Is it the Flu or Just a Cold?

Thurston County Public Health


Submitted by Thurston County Public Health

Back-to-school means different things to different people. For those of us with school-aged children, it often means, among other things, the beginning of cold and flu season.

The flu (influenza) and common cold are both contagious respiratory illnesses, but are caused by different viruses. Flu is caused by influenza viruses, whereas colds can be caused be several different kinds of viruses. Because these two illnesses have similar symptoms, it can be difficult to tell which virus you have based on symptoms alone.

The flu can be mild to severe, but quite often it is worse than the common cold. Symptoms include:

  • Fever or chills

    Thurston County Public Health
    Flu vaccines are now available from your physicians office and many sources throughout the county.
  • Dry cough
  • Sore throat
  • Runny or stuffy nose
  • Muscle or body aches
  • Headaches
  • Fatigue (tiredness)
  • Children may also have vomiting and diarrhea.

Every year, the flu season varies—when it occurs, when it’s at its highest (peak) level, how long it lasts, and the severity of illnesses. Flu season typically begins in early October and can last through the end of May. Last year’s flu season was worse than normal; the CDC reported that flu activity was widespread in 40 states, including ours. In addition, last year’s flu hit people 65 and older very hard. We don’t know yet what this year’s flu season will bring.

Complications of the flu can include pneumonia, bronchitis, sinus and ear infections, but it can also lead to hospitalization and death. People who are high risk of complications from the flu are those 65 years and older, people with certain chronic medical conditions (such as asthma, diabetes, or heart disease), pregnant women, and young children.

Testing is the only way to be sure if an illness is a cold or the flu, but it must be done within the first few days of illness.

The single best way to protect against the flu is to get yourself and your family vaccinated each year. The vaccine doesn’t always prevent the flu, but it can lessen the severity and length of the illness. Antiviral medications may be recommended for people who are at high risk of complications (people 65 years and older, young children, pregnant women, and people with certain chronic health conditions).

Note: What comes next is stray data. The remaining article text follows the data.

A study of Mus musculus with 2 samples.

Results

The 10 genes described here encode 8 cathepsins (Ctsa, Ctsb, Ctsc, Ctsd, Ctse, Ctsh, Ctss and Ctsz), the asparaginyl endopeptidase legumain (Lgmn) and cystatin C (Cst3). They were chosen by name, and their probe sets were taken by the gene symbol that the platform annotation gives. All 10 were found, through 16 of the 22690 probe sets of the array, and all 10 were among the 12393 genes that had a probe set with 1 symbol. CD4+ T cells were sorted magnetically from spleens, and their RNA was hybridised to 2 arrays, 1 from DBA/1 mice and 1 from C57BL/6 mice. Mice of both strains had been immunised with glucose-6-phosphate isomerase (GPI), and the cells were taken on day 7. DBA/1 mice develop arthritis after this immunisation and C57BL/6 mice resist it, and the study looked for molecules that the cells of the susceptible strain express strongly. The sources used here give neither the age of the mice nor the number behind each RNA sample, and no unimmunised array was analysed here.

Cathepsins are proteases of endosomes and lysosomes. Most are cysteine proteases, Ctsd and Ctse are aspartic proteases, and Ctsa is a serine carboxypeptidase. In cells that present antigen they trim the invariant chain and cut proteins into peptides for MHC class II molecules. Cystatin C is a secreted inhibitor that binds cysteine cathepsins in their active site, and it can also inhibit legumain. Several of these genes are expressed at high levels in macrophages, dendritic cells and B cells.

Bacteria and viruses are all around us; the best way to fight them off is to take care of yourself. This means getting plenty of rest, exercising regularly, eating a healthy diet with minimal sugar, caffeine and alcohol, balancing work and play, and practicing good hygiene

If you do get sick, follow these guidelines to help prevent the spread of illness:

  • Stay home if you are sick. This means not going to work or school, and staying away from public places.
  • Cover your nose and mouth when coughing or sneezing with a tissue or your sleeve (preferably the crook of your arm), and teach your children to do the same.
  • Dispose of used tissues in the nearest waste basket.
  • Wash your hands often with warm water and soap or use an alcohol-based hand sanitizer if soap and water are not available. Teach your children to do the same.
  • Sanitize equipment like shopping carts, gym equipment, toys, fuel pump nozzles, key boards, phones.

The vision of the Thurston Thrives Clinical and Emergency Care Action Team is that “more people live longer, healthier lives, because they take care of themselves and received right care at the right place at the right time.” Taking care of yourself and contacting your healthcare provider when needed supports this vision.

When it comes to cold and flu season, please do your part to help keep yourself, your family and others healthy; if you and your family haven’t gotten flu vaccines yet, now is the time to do so. Call your child’s pediatrician’s office if your child has a fever that doesn’t come down with age-appropriate doses of Tylenol or Advil, if she can’t keep fluids down, has uncontrollable diarrhea, has difficulty breathing, or if is in a high risk group for flu complications.